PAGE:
Data Monetisation Policy

News: The Ministry of Electronics and Information Technology’s proposal to monetise data collected at the central level has data policy and other experts divided.
Backgrounder to this policy
• The idea of monetising citizens’ data for greater public good was first floated by the government in the Economic Survey of 2018-19. It had noted that since such data is generated and belongs to the people, it should be used for the people. The survey had also noted that private sector could be granted access to “select databases” for commercial use.
India Data Accessibility and Use Policy, 2022
• The data, which has been collected by the central government and undergone some value addition be allowed to be sold for some price. The draft of the policy suggests new framework for identifying “high value data-set” on the basis of the data’s degree of importance in the market.
• The draft has also suggested setting up of a central India Data Office will be created under MeitY.
• All the central government’s line ministries will have to form their respective Data Management Unit, which will be headed by a Chief Data Officer. These chief data officers along with the India Data Officer will together form the IDC, which will decide on the policy matters of data accessibility and its usage.
• It will be the broad umbrella to help respective central or state government ministries and departments “assess and optimally manage” the risks associated with the release and sharing of such data.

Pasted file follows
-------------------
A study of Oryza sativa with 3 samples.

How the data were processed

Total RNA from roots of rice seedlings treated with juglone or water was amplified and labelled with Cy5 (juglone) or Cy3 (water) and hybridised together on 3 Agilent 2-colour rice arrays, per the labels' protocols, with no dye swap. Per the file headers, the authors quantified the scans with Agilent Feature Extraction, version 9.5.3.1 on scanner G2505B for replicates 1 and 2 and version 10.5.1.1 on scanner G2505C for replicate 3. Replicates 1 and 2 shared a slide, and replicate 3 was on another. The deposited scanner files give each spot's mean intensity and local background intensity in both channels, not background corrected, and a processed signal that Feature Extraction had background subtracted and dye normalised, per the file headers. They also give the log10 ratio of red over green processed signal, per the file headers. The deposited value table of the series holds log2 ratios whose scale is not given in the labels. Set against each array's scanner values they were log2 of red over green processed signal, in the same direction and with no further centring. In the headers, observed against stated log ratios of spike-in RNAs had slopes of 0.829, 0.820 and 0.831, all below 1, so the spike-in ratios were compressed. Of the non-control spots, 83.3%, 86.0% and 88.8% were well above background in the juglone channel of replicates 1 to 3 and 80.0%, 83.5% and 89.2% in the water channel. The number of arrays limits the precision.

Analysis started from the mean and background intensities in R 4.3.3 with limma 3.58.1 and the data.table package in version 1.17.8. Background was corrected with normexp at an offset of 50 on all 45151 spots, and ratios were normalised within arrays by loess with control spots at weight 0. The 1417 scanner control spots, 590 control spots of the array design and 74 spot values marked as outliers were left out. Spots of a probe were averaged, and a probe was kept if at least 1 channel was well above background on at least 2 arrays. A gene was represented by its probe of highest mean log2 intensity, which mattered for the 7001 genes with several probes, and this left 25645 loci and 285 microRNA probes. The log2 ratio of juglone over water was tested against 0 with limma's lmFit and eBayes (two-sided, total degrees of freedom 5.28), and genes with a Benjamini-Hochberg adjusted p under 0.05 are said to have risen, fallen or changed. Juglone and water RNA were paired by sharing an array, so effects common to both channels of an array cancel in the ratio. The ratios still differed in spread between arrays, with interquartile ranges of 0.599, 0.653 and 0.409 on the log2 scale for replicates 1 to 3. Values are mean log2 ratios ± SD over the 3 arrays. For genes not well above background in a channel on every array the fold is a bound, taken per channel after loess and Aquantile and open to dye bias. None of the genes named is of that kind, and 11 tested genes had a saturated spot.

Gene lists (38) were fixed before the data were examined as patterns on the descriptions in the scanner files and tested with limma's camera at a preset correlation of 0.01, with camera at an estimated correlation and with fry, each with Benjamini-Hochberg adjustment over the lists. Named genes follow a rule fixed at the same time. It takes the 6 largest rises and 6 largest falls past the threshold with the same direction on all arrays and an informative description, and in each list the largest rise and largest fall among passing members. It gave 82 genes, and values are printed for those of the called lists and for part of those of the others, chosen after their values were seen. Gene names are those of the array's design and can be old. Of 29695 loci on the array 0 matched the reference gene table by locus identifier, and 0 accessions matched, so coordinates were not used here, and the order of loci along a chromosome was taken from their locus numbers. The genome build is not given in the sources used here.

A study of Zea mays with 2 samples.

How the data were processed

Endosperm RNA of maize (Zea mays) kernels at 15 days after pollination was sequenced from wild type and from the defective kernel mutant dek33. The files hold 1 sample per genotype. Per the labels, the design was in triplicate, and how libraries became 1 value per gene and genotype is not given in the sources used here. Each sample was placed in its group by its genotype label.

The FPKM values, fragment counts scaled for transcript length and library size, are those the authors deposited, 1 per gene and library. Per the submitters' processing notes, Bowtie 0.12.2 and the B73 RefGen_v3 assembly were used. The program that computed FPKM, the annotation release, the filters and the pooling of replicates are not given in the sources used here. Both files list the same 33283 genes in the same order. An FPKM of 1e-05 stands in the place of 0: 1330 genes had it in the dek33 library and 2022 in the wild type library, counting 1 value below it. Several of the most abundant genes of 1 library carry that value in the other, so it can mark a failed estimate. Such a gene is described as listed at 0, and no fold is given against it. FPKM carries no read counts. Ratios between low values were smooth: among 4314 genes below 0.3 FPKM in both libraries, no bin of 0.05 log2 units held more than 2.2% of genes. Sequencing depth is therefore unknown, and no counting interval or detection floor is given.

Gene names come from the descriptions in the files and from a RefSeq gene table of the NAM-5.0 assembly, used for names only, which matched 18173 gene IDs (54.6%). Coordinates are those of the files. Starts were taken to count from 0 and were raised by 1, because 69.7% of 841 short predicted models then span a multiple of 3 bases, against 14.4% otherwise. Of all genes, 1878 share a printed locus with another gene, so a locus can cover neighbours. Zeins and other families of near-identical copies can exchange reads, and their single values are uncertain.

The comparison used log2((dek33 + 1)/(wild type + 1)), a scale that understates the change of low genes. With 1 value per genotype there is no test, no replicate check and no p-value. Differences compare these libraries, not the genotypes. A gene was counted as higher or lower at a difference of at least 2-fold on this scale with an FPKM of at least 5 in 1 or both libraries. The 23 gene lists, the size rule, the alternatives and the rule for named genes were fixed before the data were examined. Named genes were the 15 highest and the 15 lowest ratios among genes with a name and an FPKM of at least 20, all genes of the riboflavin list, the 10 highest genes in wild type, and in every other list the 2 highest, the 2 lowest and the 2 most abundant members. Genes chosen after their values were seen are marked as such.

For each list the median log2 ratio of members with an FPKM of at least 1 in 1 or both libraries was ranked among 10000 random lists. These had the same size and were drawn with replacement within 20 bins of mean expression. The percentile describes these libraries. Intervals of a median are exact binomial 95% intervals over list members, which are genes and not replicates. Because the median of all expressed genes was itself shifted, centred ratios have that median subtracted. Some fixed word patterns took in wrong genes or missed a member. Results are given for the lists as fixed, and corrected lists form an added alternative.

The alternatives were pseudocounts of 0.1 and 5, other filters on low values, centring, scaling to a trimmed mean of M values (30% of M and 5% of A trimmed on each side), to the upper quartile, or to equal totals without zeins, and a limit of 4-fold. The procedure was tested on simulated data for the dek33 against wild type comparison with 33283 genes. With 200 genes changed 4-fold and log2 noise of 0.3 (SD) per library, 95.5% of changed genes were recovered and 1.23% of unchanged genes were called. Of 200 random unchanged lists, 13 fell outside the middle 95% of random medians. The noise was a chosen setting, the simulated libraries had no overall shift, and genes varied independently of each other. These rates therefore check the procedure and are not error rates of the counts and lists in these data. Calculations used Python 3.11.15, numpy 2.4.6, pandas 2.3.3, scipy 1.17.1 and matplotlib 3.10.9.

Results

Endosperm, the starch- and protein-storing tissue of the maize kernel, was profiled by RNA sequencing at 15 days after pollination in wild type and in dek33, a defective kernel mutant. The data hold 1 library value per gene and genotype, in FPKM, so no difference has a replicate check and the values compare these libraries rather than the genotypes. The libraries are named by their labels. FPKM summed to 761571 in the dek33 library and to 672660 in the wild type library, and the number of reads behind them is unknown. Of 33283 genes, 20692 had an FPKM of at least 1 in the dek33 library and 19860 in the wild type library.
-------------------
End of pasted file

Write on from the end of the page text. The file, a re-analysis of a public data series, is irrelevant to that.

Significance of the move
• The thought process to consider non personal data as community or national resource, in itself is commendable. The core problem with the government selling citizens’ data is the revenue generation. The new policy will encourage data sharing among government departments and potentially help the investor ecosystem.
Issues flagged with the Policy
• Data monetization may happen at cost of individual privacy. The most sought-after datasets are those that contain sensitive personal data of individuals, ex. medical history, financial data. The new draft policy has been announced at a time when the country is yet to finalise the countours of a data protection law.
• The policy could also face pushback from big tech companies whose business model is based on the monetisation of large-scale data collection model. When the govt starts selling citizen data, even if anonymised, the government gets into business it making money.
• Once the govt starts making money, it’s very hard to reduce that activity or to regulate it in a manner where it is impartial to the public. There is a lack of proper standard and framework on data anonymisation leading to a possible that such data may be “reverse-engineered”.